The British Deputy High Commissioner in Nigeria, Laure Beaufils, has, over the weekend, disclosed that the UK governmentwill spend about 47. 4 million pounds on Deepening Democracy in Nigeria Programme Phase 2 (DDiN2), saying that the DDiNs is a programme funded under the Department for International Development (DFID), arm of the Commission and is geared towards supporting democratic governance around the world with focus on Nigeria.
Beaufils said this during an interactive session with journalists to mark the 2018 International Day of Democracy, tagged, ‘Deepening Democracy in Nigeria’.
According to her, the UK government will be contributing significantly to the goal of free, fair, credible, and peaceful 2019 elections in Nigeria and to ensure this, the British Deputy High Commission in Lagos has outlined measures that will support the success of the polls next year.
“The UK is a long-term partner and friend of Nigeria in all spheres, including politics. The Prime Minister, Theresa May’s, visit to Nigeria is a testament to the fact that the two countries maintain a healthy bi-lateral relationship. However, the UK has no preference for any party or candidate, but making frantic efforts to give advocacy and campaigns to support citizens-led groups to curb electoral violence”, Beaufils added.
Speaking also, Programme Coordinator, Deepening Democracy in Nigeria (DDiN2), Damilare Babalola, stated that the British Deputy High Commission is working earnestly with relevant stakeholders to deepen democracy and to, within the next six months, ensure free and fair polls and best elections outcomes.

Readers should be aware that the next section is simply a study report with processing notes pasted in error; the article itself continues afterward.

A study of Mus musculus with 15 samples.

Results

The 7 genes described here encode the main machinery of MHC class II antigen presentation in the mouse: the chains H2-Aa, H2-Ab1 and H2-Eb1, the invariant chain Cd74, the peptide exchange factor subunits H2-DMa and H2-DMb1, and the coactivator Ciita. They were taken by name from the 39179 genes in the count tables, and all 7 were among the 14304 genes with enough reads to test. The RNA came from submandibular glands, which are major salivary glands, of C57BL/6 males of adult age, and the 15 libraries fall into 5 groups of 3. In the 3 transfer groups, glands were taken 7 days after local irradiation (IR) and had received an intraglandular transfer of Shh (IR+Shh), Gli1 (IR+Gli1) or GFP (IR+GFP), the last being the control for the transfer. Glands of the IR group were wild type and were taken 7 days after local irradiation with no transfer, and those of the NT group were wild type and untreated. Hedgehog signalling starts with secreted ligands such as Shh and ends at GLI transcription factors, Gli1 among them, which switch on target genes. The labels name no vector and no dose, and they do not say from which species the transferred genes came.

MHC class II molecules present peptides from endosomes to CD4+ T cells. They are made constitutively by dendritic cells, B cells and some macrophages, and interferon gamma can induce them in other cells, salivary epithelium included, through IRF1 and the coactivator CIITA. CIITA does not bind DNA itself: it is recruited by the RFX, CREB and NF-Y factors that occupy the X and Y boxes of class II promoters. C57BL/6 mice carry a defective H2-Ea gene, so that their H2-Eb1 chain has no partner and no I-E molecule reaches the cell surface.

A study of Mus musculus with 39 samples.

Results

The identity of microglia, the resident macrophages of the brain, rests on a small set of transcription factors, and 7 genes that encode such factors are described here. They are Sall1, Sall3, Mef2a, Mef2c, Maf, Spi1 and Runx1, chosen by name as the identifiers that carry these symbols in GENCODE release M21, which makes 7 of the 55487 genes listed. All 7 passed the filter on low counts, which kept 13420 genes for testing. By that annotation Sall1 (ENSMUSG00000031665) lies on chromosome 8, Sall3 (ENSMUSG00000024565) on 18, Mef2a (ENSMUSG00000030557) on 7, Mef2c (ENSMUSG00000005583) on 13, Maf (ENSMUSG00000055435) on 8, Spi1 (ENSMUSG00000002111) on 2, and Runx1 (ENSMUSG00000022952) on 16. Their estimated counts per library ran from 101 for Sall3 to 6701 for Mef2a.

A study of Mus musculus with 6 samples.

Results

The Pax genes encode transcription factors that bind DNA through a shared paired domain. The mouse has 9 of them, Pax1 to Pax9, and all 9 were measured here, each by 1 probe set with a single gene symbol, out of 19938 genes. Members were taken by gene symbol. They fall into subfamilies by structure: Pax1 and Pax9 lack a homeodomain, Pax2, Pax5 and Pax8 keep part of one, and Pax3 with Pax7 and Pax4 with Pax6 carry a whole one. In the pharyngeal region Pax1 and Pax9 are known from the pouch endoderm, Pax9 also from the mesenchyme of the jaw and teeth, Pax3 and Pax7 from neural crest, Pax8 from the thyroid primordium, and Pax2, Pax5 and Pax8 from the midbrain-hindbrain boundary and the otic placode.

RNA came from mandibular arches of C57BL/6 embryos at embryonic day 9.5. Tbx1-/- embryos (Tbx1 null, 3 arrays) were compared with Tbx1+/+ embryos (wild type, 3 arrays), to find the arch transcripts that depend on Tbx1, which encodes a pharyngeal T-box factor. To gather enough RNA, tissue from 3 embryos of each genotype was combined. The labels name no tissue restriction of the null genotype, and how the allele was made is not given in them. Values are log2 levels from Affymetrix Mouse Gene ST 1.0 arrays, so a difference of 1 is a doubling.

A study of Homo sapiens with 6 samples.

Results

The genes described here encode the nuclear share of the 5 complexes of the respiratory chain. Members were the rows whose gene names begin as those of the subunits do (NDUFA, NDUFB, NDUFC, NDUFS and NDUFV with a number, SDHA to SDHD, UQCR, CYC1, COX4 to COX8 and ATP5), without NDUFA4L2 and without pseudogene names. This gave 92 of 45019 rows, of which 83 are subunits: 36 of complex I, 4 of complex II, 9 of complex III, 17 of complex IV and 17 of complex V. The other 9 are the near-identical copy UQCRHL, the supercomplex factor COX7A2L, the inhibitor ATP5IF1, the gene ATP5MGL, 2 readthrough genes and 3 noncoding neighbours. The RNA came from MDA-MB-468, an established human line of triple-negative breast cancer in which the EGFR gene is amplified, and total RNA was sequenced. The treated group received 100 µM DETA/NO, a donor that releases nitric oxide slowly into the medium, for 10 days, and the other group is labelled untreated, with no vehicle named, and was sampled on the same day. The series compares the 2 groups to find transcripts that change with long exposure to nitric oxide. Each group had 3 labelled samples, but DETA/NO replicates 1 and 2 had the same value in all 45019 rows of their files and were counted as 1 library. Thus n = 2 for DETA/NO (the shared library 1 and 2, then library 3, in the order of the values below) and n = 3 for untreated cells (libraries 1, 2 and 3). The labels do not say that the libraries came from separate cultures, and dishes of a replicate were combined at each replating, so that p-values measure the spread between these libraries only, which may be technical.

She said the DFID-UK funded programme, which has been in existence for the past four years will be working with the Independent National Electoral Commission (INEC), and relevant security agencies, among other relevant bodies, to ensure a successful 2019 elections in Nigeria, and to also improve voters-participation, participatory governance and electoral process during polls.
“DDiN is an on-going process that supports civil society organizations and provides periodic intervention with the public.
The body also works with relevant stakeholders to ensure an all-inclusive political process in Nigeria, as well as reaches to the grassroots to ensure issue-based politics, peaceful and non-violent political process come 2019”, Damilare said, while speaking on how to curb vote-buying among politicians and the little INEC or UK government can do, if there is no assistance from other stakeholders to ensure thugery and violence are reduced to the barest minimum.
For a fact, vote-buying is a threat to peaceful elections if not contained and I urge all stakeholders in Nigerian politics to eschew all forms of vote-buying and threats to peaceful elections, come 2019.”